I got a question from Sales today - asking about how Marketo manages bounces in Salesforce. A tool we used to have would highlight the Email Address field in Salesforce, showing Sales that this email bounced and need to be looked into. I thought that Marketo would do its automation magic and will help manage bounces in Salesforce, but I am not sure if that's the case and if I have to think of the process and develop it..
Those who have Salesforce, how do you manage Marketo bounces in Salesforce? If there is some manual work required, what department is responsible for it? Thanks!
Hi Anastasia, we have the following 'tiered' bounce policy that we've implemented in Marketo:
Note: Everyone is a little bit different with how they create this list, but I think it's important to note that this isn't done by default in Marketo
We've also created a field in SFDC that is visible to Marketo, and we've called it "Marketo email invalid". Anytime an email address is marked as invalid in Marketo, this box is also checked. We had to create a duplicate field here, because the Marketo system field for email invalid cannot be synced to SFDC.
If an email address is changed in SFDC, we uncheck email invalid and Marketo email invalid. They can re-qualify for the campaigns above if they continue to bounce after the address update is made.
From SFDC our Accounts and Sales teams can see if someone is marked as Marketo Email Invalid, and we have weekly reports that go out with people who are consistently bouncing. We recommend to them that they either have us whitelisted if the email address is good, or update the email address if it was incorrect for some reason.
Hope this helps some, but feel free to ask any additional questions you might have related to bounces! Also, just to touch on your final question, the criteria for the policy was developed by Marketing, approved by all major stakeholders, and Marketo/Marketing is responsible for maintenance of all of this.
We scrutinized the bounce messages in Marketo, as one of our teams really wanted to know how this behavior is handled. Dory is correct - Marketo only shuts off the spigot for an email address when the bounce message indicates that the email addr.... Typical response messages (these are viewable in the "Details" of an activity) : "Invalid recipient" or "Mailbox not found".
The problem is that best practice is to shut off the spigot whenever an email bounces a few times. If you don't, you look spammy and risk running afoul of the hounds - growling, howling spam filters that have aggressive names like "Barracuda" (cue the Heart song, someone). Marketo doesn't do this magically, so you really do have to program rules to take people who bounce off your mailing lists. You also need to give your sales / CRM people some feedback so that they know that a customer isn't receiving your emails - Dory's suggestion of firing back a cloned "Address Invalid" flag is a good one.
A little bit of other insight we found from analyzing our bounces:
We have all our Marketo lead activities in a data warehouse, and did textual analysis of the "details" field in order to gain some insight into what our bounce messages were (broadly) saying. We were particularly interested in seeing if there was a real difference between the "hard bounce" and "soft bounce" events that Marketo records in lead activity logs. Messages that had words like "black list", "block list", "deny list," "you are not authorized", and "denied" (to name but a few) were classified as "this place thinks we're spam." Messages that mentioned the "recipient," an "invalid character", "No user with that name", "User Unknown", and things like that were "Bad Addresses."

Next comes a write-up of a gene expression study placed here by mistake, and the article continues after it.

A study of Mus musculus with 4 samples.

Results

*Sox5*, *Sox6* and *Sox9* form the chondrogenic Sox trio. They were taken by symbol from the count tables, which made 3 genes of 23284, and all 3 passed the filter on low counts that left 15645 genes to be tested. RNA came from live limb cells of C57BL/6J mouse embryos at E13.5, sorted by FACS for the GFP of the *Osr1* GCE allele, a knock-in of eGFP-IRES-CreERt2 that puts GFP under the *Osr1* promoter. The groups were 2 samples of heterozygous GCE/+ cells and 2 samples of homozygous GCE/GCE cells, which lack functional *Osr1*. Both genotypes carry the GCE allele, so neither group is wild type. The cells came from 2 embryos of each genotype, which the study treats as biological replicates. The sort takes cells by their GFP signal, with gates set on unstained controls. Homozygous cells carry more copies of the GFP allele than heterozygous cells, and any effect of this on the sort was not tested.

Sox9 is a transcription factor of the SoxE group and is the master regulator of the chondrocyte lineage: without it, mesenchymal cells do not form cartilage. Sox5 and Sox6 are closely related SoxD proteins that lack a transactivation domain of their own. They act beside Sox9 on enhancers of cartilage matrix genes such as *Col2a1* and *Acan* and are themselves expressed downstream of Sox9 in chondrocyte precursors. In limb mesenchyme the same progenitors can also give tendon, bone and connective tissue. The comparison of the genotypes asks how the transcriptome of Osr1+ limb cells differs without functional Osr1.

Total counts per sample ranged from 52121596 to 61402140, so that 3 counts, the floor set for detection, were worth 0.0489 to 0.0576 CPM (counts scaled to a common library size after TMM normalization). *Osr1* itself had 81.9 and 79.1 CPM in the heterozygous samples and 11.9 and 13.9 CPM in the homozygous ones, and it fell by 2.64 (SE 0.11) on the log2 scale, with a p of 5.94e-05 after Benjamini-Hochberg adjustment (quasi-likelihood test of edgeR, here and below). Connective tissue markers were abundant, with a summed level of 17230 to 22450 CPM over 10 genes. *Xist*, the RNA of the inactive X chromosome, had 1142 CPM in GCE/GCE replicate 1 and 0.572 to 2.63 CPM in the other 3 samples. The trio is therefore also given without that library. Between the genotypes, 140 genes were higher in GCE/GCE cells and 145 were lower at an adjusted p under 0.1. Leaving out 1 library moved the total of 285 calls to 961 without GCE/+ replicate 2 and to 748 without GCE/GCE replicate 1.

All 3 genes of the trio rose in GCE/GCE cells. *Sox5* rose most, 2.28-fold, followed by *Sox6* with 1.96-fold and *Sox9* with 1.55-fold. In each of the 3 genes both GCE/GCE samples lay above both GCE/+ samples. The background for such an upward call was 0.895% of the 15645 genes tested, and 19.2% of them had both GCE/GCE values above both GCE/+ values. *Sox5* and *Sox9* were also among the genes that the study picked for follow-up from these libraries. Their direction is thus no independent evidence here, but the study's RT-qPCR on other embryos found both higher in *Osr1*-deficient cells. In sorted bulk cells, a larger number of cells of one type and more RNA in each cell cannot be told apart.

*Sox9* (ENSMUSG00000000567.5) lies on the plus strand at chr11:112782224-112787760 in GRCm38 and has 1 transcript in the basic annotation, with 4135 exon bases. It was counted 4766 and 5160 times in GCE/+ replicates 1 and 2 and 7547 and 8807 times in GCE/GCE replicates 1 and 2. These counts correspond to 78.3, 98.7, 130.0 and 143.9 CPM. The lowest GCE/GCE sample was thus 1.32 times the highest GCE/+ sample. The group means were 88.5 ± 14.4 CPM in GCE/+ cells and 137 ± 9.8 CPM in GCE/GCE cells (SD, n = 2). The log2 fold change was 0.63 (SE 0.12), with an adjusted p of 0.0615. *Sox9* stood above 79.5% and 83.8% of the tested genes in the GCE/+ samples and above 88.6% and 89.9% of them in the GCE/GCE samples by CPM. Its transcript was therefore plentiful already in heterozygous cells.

Then you have everything else, most of which are things like "The message failed for unspecified reasons." There is a line of thought among sysadmins that you shouldn't tell spammers that they're spamming, or that an email is invalid, or give people any help whatsoever. Some even go so far as to suggest that emails should go into a "black hole" where the email server shouldn't give any response (and others disagree). It really is an issue of having a lot of little fiefdoms, all with their own set of laws and rules, and many of which do not tell you if and when you're disobeying them.
Our text analysis found that Marketo's hard bounces were largely "you are spam", soft bounces were largely the "we won't tell you" messages, and "bad address" messages were a minority and were somewhat evenly divided between the two. Some say that those vague "we won't tell you" messages are really "we think you're spam but we're not going to tell you." Because of this, it's my opinion that you should treat all bounces - hard or soft - as equally pernicious, and equally deserving of a "stop emailing this person." This does leave the occasional person whose mailbox was full and should keep getting emails later, but we found these were few. Unless and until Marketo starts classifying these as an event of its own, your only option for automatically re-trying these after a period of time is to use the Marketo API to download the activity log, run text parsing on the "details" of the bounce events, and treat people with "bad address" language in the response message differently from all the other hard / soft bouncers.
Hope some of this helps, and that some of these resources help you get a handle on your own bounce issue. There might be a degree to which we're all dependent on each other as good email citizens, as all of our emails are coming from a pool of IP addresses owned by Marketo. Cisco's SenderBase certainly seems to be viewing these as a group (go ahead and put your Marketo instance IP address in there and see what comes up), so maybe it's possible that a strict bounce policy helps the collective reputation? I am not sure.